Jessica Cejnar / Tuesday, May 25 @ 3:45 p.m.

Del Norte County Supervisors Endorse Crescent Fire District Property Tax Assessment Attempt

Crescent Fire Protection District took part in 2019's Fourth of July parade. Photo: Jessica Cejnar


Crescent City Councilors Support Fire District Property Tax Assessment

Crescent Fire Takes Second Crack at Property Tax Assessment


County supervisors followed their counterparts at the city and voted unanimously Tuesday in favor of a property tax assessment benefiting the Crescent Fire Protection District.

Del Norte County received five ballots for five parcels it owns within the fire protection district. These include the Del Norte County Airport, the Del Norte County Animal Shelter, a parcel next to the animal shelter, the ball fields on Macken Avenue and a small property on Elk Valley Road, according to the county’s staff report.

The total proposed property taxes for all five parcels would be $545.60 per year if voters within the fire protection district approve the assessment, according to the report.

This is Crescent Fire Protection District’s second attempt at getting property owners within its jurisdiction to agree to a benefit assessment.

“Without this assessment, going forward, the amount the district loses is about $110,000 starting next year,” Crescent Fire Protection Chief Bill Gillespie told supervisors. “Our goal is to raise approximately $421,000. The balance of that is earmarked to work in conjunction with the recommendations of a 10-year fire department master plan that spelled out service needs for our community going forward.”

The Crescent Fire Protection District began sending ballots to its constituents on April 30 in the hopes they will approve a $74 per-parcel assessment to replace an $18 assessment from 2006 that’s sunsetting at the end of the year.

If voters approve the assessment, the $74 will be added to a $24 assessment approved in 1987 for a total of about $98 per single-family residential home, according to Gillespie.

The per-parcel assessment fee will be capped at $1,000, which would apply to large commercial complexes and multi-family residential properties, according to Gillespie.

Property owners within the fire protection district have until 5 p.m. June 14 to submit their ballots, after which they’ll be counted.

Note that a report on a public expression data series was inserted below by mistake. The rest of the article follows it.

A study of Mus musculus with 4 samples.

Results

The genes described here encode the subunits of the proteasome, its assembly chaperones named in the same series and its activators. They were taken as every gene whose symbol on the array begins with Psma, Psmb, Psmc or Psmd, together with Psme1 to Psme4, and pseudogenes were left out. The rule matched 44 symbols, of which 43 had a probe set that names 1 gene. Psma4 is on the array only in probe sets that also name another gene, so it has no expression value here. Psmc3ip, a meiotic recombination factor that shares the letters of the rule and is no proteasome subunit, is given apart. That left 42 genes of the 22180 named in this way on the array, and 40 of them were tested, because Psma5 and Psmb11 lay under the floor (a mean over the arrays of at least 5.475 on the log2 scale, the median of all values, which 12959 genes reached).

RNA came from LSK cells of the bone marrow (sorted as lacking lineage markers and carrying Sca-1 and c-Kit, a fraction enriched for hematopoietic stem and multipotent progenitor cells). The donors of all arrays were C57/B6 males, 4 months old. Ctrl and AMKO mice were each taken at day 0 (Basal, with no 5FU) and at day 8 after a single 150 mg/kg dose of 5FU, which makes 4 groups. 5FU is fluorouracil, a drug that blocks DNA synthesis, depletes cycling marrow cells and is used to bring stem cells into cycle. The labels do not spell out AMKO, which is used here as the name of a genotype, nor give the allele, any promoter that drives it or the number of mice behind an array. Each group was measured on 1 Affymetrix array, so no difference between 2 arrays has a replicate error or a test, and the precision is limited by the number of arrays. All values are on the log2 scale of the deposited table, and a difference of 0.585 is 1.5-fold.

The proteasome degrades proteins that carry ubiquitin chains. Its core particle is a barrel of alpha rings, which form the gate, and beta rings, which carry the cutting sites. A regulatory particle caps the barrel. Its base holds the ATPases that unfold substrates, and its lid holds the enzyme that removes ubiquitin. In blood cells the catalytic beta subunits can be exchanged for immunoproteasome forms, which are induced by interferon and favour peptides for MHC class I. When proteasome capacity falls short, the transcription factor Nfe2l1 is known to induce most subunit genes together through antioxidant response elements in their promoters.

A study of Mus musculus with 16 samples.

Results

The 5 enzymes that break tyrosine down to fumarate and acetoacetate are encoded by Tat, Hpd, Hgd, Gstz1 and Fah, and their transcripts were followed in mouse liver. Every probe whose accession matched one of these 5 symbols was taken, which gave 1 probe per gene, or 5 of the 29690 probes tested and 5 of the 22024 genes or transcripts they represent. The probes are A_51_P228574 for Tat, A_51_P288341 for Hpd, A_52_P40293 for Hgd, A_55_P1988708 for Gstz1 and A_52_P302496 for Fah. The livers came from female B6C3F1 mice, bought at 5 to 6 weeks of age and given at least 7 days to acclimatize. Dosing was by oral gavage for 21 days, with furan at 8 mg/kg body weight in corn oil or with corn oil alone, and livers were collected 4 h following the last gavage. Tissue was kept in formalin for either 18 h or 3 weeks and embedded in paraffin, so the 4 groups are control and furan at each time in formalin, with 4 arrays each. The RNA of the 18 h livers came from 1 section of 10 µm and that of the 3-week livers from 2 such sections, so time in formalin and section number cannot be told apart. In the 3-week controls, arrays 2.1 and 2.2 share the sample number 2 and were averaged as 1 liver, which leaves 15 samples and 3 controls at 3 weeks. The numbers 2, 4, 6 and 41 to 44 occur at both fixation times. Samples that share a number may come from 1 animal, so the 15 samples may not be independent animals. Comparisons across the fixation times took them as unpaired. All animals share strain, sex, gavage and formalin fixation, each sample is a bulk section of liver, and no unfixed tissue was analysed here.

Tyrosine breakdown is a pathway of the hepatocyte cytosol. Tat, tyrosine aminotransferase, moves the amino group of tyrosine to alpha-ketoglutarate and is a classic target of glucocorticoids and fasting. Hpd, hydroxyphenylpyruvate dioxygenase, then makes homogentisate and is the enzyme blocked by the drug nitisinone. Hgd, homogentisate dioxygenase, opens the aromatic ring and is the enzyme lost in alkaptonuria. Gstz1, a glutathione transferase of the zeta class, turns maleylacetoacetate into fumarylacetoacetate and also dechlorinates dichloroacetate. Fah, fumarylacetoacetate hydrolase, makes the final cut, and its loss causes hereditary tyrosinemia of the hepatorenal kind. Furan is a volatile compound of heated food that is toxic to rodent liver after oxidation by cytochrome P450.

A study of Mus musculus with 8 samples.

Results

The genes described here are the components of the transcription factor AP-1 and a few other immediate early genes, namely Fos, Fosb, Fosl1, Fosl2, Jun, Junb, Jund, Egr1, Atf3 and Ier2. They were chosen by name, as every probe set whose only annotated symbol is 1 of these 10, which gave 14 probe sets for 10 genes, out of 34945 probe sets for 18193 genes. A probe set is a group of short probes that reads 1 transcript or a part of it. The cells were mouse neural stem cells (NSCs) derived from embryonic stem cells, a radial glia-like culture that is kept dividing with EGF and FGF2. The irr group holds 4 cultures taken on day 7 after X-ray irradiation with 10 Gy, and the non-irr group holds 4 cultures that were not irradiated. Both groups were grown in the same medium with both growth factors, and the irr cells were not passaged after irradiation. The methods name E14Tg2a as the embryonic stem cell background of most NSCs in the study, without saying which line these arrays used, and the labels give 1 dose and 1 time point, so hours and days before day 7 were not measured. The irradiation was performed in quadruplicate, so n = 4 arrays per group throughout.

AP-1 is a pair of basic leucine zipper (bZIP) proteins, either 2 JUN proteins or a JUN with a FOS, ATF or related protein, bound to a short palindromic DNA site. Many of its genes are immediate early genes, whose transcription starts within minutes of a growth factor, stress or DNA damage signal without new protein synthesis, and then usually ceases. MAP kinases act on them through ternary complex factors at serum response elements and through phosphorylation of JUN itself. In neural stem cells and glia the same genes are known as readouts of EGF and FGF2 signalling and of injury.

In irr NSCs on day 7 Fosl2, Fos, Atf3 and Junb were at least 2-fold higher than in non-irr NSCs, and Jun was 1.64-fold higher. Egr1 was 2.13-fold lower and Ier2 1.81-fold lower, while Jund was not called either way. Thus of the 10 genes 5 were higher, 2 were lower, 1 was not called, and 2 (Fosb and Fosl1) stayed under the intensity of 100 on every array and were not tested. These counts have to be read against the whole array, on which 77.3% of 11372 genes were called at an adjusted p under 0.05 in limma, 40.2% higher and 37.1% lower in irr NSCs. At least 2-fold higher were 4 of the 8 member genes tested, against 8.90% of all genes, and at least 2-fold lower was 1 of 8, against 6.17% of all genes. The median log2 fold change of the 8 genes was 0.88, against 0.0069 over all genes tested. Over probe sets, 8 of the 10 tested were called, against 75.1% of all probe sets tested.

The Crescent Fire Protection District’s first attempt at getting voters to approve a property tax assessment last autumn failed by about 23 votes, Gillespie told supervisors.

Among the goals outlined in the master plan, if the property assessment is approved, the Crescent Fire Protection District intends to establish a volunteer staffing program that includes sleeper crews of volunteers overseen by three paid firefighter positions, Gillespie said.

The additional funding will also go toward building a vehicle and equipment replacement reserve and address deferred maintenance at its facilities — the fire station at 255 W. Washington Blvd., for example, needs a new roof, Gillespie said.

The Crescent Fire Protection District does have a shared services agreement with Crescent city, which includes both sides covering the salaries for the fire chief and an administrative assistant as well as purchasing tools and equipment, Gillespie said.

On Tuesday, just before she voted in favor of the property tax assessment, District 2 Supervisor Valerie Starkey said she had called “everybody I know” to hear their thoughts on the fire district’s efforts.

A down side, Starkey said, is that for those on fixed incomes, asking them to pay an extra $74 could be a real hardship. Others she spoke with said that with Measure S and Measure R, the county’s successful 1 cent sales tax measure, being successful, asking voters to approve another property tax was bad timing.
Voters were also uncomfortable with signing their ballot, Starkey said.

But, Starkey noted, that Del Norte County is one of the last counties to have a volunteer firefighting system.

“If we are not able to sustain that and keep them equipped with all the apparatus and things they need, it’s possible that may go away,” she said. “If that’s the case, we’ll have to come up with ways to have a fire department and the cost that’s going to entail.”

The Crescent City Council on May 17 voted in support of the fire district's property tax assessment on two of its parcels.

According to Colette Mettz, of PlanWest Partners, implementing the 10-year fire department master plan would cost the city about $307,000. The Crescent Fire Protection District's share would be $355,000, according to Mettz.